04 May 2004
More than 50 former U.S. diplomats have made public an open letter protesting President Bush's Mideast policy, which they say is costing the United States its credibility and prestige.
The letter by the former diplomats expresses their concern about President Bush's current Middle East policy. The letter is critical of his public endorsement of Israeli Prime Minister Ariel Sharon's unilateral decision to dismantle Jewish settlements in Gaza and some parts of the West Bank and his rejection of the right of return for Palestinian refugees.
One of the signatories, former U.S. ambassador to Greece, Robert Keeley, echoed the letter's warning that excluding the Palestinians from the negotiations on such critical issues has undermined the U.S. role as an honest broker.
What we have now experienced is an agreement reached behind the backs of the Palestinians without any consultation with them, he said. That ends any hope of the U.S. continuing to act as an honest broker since we have now irrevocably chosen to side with one side to the exclusion of the other.
Former U.S. ambassador to Iraq Edward Peck, who also signed the open letter, said that the administration's approach to the Middle East is weakening U.S. credibility at a critical time in the region.
We have short-circuited the system, he noted. We have eroded enormously our already weakened credibility and I think we have put the people who live in that part of the world at serious risk for a long time to come.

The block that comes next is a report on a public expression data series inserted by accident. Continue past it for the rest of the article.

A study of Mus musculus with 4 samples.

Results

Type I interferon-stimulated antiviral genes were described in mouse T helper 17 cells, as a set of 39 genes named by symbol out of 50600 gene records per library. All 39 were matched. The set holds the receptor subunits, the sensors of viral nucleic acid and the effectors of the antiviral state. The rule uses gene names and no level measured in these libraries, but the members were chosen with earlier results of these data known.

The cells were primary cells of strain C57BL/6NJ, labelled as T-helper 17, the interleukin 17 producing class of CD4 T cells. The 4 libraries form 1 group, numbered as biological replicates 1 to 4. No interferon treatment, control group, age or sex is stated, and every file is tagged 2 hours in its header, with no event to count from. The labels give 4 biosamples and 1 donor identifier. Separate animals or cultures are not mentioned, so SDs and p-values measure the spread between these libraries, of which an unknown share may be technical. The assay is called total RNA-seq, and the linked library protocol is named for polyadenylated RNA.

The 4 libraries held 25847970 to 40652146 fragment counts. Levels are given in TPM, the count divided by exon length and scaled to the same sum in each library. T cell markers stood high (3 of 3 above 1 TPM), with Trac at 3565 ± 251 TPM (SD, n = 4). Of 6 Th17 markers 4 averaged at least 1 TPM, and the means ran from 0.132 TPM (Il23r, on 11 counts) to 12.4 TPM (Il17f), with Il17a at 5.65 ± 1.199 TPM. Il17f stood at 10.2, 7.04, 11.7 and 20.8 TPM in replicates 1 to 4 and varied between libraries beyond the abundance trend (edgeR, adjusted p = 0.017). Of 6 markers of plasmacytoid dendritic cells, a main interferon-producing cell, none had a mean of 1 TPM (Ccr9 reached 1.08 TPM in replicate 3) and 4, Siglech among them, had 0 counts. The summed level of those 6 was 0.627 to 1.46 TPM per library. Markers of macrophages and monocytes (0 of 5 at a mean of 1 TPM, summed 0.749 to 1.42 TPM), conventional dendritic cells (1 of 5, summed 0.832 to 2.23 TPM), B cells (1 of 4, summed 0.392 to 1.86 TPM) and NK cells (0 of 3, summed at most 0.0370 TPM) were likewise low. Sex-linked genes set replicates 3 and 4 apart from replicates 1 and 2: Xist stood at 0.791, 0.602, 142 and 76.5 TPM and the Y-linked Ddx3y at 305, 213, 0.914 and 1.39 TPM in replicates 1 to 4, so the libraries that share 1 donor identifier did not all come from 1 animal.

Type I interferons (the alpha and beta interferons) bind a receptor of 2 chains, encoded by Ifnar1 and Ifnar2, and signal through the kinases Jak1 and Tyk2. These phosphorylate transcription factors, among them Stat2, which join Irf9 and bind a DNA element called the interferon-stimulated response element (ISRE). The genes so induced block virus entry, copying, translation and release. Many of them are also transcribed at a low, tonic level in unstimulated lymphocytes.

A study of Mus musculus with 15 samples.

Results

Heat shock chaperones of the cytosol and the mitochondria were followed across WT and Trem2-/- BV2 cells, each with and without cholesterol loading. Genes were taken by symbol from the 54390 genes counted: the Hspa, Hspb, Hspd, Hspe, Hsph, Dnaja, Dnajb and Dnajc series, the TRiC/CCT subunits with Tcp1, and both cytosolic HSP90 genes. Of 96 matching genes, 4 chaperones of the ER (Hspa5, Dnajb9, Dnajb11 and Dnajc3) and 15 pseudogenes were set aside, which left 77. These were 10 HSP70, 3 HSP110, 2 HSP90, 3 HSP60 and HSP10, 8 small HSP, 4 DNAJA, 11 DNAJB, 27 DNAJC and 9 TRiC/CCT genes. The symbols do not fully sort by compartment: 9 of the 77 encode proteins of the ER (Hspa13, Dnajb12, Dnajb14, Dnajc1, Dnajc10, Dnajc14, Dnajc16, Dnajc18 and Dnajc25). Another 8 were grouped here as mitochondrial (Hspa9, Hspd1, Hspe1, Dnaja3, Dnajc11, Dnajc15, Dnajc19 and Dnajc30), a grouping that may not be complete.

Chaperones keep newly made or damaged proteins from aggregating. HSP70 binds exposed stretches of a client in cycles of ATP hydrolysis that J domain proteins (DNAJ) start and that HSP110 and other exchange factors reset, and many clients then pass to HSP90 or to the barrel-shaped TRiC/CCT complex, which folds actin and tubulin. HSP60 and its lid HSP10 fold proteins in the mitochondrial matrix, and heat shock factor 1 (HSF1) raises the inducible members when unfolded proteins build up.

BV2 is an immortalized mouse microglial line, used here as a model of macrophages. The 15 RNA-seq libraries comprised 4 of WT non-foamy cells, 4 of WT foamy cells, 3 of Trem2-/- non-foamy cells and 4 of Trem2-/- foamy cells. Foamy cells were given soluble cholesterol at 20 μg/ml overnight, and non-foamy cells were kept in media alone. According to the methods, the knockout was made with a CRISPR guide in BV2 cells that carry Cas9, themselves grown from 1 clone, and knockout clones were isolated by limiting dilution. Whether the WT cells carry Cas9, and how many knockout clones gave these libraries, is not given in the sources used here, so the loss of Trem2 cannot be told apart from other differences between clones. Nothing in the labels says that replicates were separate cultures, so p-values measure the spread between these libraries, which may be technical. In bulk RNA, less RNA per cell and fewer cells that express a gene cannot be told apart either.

Reacting to news of the open letter, Deputy Secretary of State Richard Armitage told a TV interviewer the beauty of democracy is that people can speak out even against the president without fear of retribution. But he added that he does not think it is especially significant one way or the other. He said that it is an example of democracy at work.
Former diplomat Andrew Kilgore said that he was inspired to circulate the letter for signatures after 52 former British diplomats sent a similar protest to Prime Minister Tony Blair last week. Mr. Kilgore publishes the Washington Report on Middle East Affairs.
Mr. Kilgore does not know how it will be received by the White House, but he expressed hope it could influence public opinion.
I don't know where this will end, he said. We're not going to stop now though.
Mr. Kilgore said that the letter has already been signed by more than 60 former ambassadors, retired military and civilian officials. His magazine will continue to collect signatures and will deliver the letter to the White House at the end of May.